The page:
Let’s face it, business finance is full of jargon. If you operate a machine shop you likely have a lot of skills in milling, cutting, and working with metal. Your focus is not on banking. So, understanding the distinctions between leasing, hire purchase and asset refinancing is not something that you have sent a lot of time thinking about.
Asset finance is the broad category that all of the above options for CNC machine financing fall into. When you are looking at high-value capital purchases – and CNC machines fall into that category – you want to find the best rate for the purchase, and the lender wants to be confident, for their part, that they will get their money back.
Asset financing has two sides. Firstly, you’re looking for CNC machine financing in order to get equipment for your business. You need that CNC machine so that you can take on more jobs and you might lease, lease-to-buy, or get a loan, to acquire that machine. The other side of the business is that you already have some assets, and you might use asset refinancing to get working capital to cover the costs of a future loan.
Equipment leasing is a form of CNC machine financing where you pay a monthly fee for your equipment. Some leasing is short-term, and you hand the equipment back at the end of it. This is good for a small project or a low-risk pilot. Some leases allow you to buy the piece at the end of the project, although this is not seen as often with such high-value items as it is in the consumer market, where “rent to buy” is common for household appliances.
Equipment Financing Experts
Leasing has some accounting considerations that loans and buying outright do not. When you lease something, the cost of the equipment is an operating cost, so it will be written off against gross profit. With owned equipment there is the option to write the equipment onto your balance sheet as an asset instead.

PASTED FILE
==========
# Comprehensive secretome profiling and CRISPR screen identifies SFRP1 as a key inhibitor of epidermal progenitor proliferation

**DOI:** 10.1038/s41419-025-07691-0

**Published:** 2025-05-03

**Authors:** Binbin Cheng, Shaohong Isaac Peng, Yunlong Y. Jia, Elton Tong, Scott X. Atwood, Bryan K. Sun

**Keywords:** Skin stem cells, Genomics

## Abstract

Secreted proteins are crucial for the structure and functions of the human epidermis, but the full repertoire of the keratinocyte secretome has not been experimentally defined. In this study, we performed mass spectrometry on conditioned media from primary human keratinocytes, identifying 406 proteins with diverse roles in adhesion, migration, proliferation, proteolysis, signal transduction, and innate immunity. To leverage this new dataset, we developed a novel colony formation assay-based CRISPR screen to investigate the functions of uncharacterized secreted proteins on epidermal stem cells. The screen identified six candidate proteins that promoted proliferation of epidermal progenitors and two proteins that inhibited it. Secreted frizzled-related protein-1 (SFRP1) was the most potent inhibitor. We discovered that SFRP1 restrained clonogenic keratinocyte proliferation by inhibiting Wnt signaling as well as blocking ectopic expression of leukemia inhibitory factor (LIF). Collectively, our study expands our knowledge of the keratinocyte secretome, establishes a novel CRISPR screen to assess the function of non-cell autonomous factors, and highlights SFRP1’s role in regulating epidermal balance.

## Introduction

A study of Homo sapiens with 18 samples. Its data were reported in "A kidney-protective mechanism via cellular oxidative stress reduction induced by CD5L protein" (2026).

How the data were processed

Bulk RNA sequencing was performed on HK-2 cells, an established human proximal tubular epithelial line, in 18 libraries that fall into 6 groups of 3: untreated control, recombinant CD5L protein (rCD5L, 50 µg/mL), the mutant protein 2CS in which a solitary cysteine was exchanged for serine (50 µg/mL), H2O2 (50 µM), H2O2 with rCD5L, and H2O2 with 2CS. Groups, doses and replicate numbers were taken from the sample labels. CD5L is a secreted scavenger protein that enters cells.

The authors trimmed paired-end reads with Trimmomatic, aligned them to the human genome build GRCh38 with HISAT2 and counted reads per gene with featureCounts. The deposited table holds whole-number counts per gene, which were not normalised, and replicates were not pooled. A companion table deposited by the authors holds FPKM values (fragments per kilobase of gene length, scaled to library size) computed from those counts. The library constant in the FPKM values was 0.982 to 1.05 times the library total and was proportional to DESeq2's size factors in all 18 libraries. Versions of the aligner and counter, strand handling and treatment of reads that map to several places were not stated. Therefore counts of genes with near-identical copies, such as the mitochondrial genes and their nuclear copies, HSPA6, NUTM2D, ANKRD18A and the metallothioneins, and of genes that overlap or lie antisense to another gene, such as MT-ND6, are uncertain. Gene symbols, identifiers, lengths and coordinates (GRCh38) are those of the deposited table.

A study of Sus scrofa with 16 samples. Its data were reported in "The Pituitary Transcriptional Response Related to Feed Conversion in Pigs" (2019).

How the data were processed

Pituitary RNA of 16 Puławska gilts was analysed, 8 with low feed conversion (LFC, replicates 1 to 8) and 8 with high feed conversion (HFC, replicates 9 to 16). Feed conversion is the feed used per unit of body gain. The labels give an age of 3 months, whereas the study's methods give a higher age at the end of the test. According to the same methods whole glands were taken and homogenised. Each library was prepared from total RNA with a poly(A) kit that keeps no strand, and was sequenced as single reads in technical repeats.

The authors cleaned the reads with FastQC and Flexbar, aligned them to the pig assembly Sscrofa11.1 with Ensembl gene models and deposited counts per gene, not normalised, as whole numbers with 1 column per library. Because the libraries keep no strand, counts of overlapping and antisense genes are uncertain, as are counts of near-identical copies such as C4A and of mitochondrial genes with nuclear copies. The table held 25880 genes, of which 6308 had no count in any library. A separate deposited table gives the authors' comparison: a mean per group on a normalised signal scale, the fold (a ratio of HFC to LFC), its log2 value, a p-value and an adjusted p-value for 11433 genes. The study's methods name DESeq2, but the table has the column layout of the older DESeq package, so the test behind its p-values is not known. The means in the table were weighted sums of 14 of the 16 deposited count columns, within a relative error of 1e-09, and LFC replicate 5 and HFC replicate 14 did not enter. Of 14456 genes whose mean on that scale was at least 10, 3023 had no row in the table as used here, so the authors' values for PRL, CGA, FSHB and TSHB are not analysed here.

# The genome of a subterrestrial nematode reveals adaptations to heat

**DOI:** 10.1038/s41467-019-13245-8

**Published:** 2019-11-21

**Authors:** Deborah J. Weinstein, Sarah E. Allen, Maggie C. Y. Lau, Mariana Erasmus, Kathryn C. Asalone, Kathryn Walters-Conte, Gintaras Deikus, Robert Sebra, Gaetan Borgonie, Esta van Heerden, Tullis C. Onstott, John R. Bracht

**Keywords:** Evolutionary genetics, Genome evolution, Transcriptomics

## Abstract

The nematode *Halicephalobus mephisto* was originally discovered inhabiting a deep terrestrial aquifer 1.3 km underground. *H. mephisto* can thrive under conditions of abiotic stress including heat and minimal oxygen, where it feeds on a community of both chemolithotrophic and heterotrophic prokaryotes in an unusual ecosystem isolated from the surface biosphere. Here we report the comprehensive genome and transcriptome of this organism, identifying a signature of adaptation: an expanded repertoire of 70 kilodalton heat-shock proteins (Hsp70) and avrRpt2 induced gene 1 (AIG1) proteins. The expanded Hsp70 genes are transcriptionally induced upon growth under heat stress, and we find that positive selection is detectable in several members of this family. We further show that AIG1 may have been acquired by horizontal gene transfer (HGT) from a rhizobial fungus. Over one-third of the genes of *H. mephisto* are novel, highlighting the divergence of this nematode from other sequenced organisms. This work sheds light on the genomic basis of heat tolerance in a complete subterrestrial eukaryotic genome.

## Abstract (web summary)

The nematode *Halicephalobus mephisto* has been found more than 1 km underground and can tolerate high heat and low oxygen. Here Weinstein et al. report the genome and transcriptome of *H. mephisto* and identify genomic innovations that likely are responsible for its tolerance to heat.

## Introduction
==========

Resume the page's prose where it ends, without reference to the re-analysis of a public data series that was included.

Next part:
Long term leasing can leave you spending thousands more than the cost of the original purchase. Hire purchase is still more expensive than buying outright up-front, or on a loan, but is a good option for companies that struggle to access CNC financing outright. Financing, on the other hand, tends to have a lower interest rate which makes it appealing if you are in a position to borrow that amount of money. Buying a used piece of equipment is often a safer bet because used equipment does not depreciate as quickly as new equipment. CNC equipment loses a lot of value once it has left the factory and been used for its first job, so recouping the costs of a new purchase can be difficult even after a few months of ownership.
Remember that if you have a loan secured on a piece of equipment, you cannot take out a second loan on that equipment because the original lender has a claim to it. This means that your options for asset refinancing will be limited. Think carefully before you tie up a huge amount of money in loan repayments, and make sure that the machine will pay for itself in terms of the type of work, and order volume, that it will allow you to take on. Don’t be shy about talking to a financial advisor, and shopping around to get the best deal.